City unveils new UV water treatment plant

If you live in Port Alberni, you can be assured that the water coming out of your tap is cleaner these days.

City engineer Guy Cicon pours Port Alberni Mayor Mike Ruttan a glass of water treated by the UV system in the new Bainbridge water treatment plant.

If you live in Port Alberni, you can be assured that the water coming out of your tap is cleaner these days—if not a whole lot different to drink, according city engineer Guy Cicon.

And it’s all because of the new water treatment plant at Bainbridge, which officially opened last Wednesday.

(Want to read all about the new treatment plant’s green design? Click here.)

“It’s a project that we’ve had underway for a number of years and we’re excited to have this grand opening here today,” Cicon said.

The impetus for the construction of the new facility was the new 4-3-2-1-0 water quality objectives that all municipalities in Canada are mandated to follow.

According to Island Health, two forms of disinfection are required for drinking water sources—typically chlorine and ultraviolet (UV) light disinfection.

The city has a filtration waiver due to a redundant water system that allows them to switch from their primary intake at China Creek to their secondary intake at Bainbridge Lake if turbidity gets too high.

Cicon said that while residents won’t taste a difference in their water quality (anyone on the city water system has been drinking UV treated water throughout the fall), they can be assured that their water is more pristine than ever.

“This is definitely a facility that we’re proud of and it’s got built in flexibility, which we need,” said Mayor Mike Ruttan.

City utilities superintendent Brian Mousley said that another UV reactor could be added to the three currently built if the increased capacity was necessary.

“Each of those three reactors has 40 UV lights,” said Koers and Associates principal engineer Chris Downey.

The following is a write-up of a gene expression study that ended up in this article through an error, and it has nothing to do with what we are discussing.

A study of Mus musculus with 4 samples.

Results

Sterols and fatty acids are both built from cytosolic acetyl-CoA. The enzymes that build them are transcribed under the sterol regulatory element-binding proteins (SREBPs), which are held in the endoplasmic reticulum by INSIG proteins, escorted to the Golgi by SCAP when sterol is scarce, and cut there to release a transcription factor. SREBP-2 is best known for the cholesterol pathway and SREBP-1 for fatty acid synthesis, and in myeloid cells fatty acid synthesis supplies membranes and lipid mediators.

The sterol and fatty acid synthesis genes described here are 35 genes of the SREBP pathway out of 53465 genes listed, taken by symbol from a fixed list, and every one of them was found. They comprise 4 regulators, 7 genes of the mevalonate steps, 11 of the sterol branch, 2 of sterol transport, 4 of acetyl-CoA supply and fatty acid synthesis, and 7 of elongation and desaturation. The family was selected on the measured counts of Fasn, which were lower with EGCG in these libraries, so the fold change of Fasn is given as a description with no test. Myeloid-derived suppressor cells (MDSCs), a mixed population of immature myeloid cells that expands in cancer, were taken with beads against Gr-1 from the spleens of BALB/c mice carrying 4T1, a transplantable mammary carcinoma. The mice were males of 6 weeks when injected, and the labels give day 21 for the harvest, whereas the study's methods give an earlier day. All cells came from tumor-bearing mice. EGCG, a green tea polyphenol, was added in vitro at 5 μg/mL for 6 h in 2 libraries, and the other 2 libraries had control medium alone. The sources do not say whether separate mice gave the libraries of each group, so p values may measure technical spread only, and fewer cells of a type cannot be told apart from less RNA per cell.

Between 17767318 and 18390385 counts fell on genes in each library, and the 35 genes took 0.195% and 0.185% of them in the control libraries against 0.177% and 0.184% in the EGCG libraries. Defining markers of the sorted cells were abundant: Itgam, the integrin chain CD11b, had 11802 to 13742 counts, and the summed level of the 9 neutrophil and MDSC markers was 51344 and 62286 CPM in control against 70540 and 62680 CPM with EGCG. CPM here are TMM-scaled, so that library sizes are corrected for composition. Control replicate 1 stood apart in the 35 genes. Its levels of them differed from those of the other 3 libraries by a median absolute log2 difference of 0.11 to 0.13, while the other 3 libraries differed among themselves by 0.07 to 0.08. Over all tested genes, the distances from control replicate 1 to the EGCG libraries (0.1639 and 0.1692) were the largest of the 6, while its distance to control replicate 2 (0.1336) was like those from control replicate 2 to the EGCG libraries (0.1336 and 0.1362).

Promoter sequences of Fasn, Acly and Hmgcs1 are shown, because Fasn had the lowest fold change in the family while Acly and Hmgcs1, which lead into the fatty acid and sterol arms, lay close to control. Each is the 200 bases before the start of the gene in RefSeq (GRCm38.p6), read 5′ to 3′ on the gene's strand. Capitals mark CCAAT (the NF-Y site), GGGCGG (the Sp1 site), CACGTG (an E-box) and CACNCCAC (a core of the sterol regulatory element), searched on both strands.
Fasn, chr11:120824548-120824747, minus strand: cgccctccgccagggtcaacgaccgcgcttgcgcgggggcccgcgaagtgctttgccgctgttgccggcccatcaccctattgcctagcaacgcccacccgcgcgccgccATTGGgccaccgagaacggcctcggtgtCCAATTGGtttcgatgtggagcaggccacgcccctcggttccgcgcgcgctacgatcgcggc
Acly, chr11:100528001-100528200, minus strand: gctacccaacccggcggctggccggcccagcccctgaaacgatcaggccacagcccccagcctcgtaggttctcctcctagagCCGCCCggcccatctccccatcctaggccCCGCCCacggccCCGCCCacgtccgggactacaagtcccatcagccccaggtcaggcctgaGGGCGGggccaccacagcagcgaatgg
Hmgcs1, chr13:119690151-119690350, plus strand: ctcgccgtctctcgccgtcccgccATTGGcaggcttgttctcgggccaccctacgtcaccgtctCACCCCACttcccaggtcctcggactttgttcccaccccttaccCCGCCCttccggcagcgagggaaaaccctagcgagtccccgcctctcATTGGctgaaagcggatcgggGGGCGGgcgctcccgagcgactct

“Water passes through them at a flow rate of roughly 120-150 metres per second. Once the water has left the UV reactors, all of the water has been sterilized through UV radiation.”

The city has also switched to hypochlorite instead of chlorine gas.

“We’ve gone from the gas to the salt system of chlorine,” he said.

“The advantage of that is that it’s much less hazardous to the environment and the operators don’t have to work around chlorine gas.”

Ruttan said that the new water treatment plant was an important step in keeping the city’s infrastructure up to date.

“Water defines our city. It’s our history and our future. It’s essential, it’s powerful, it’s precious and it’s something we can’t take for granted,” he said.

“Standing in this new $4 million facility is testament to the value that we place on our water resources.”

Cicon said that the new treatment plant wouldn’t have been possible without the hard work of contractors like Windley Contracting and Koers Engineering and Associates.

“They all played a very important role in the development of this project,” he said.

He also thanked city water crews, adding that their help was essential in both designing the new treatment plant and keeping the old one running during the transition.

“They were involved with the design of the new plant and most importantly, in keeping the existing plant open while we were building this new one.”

City utilities technologist Bert Polles said that while  the old chlorine treatment facility and pump house that the city utilized will be kept as a backup, at least for the first year of operation for the new facility.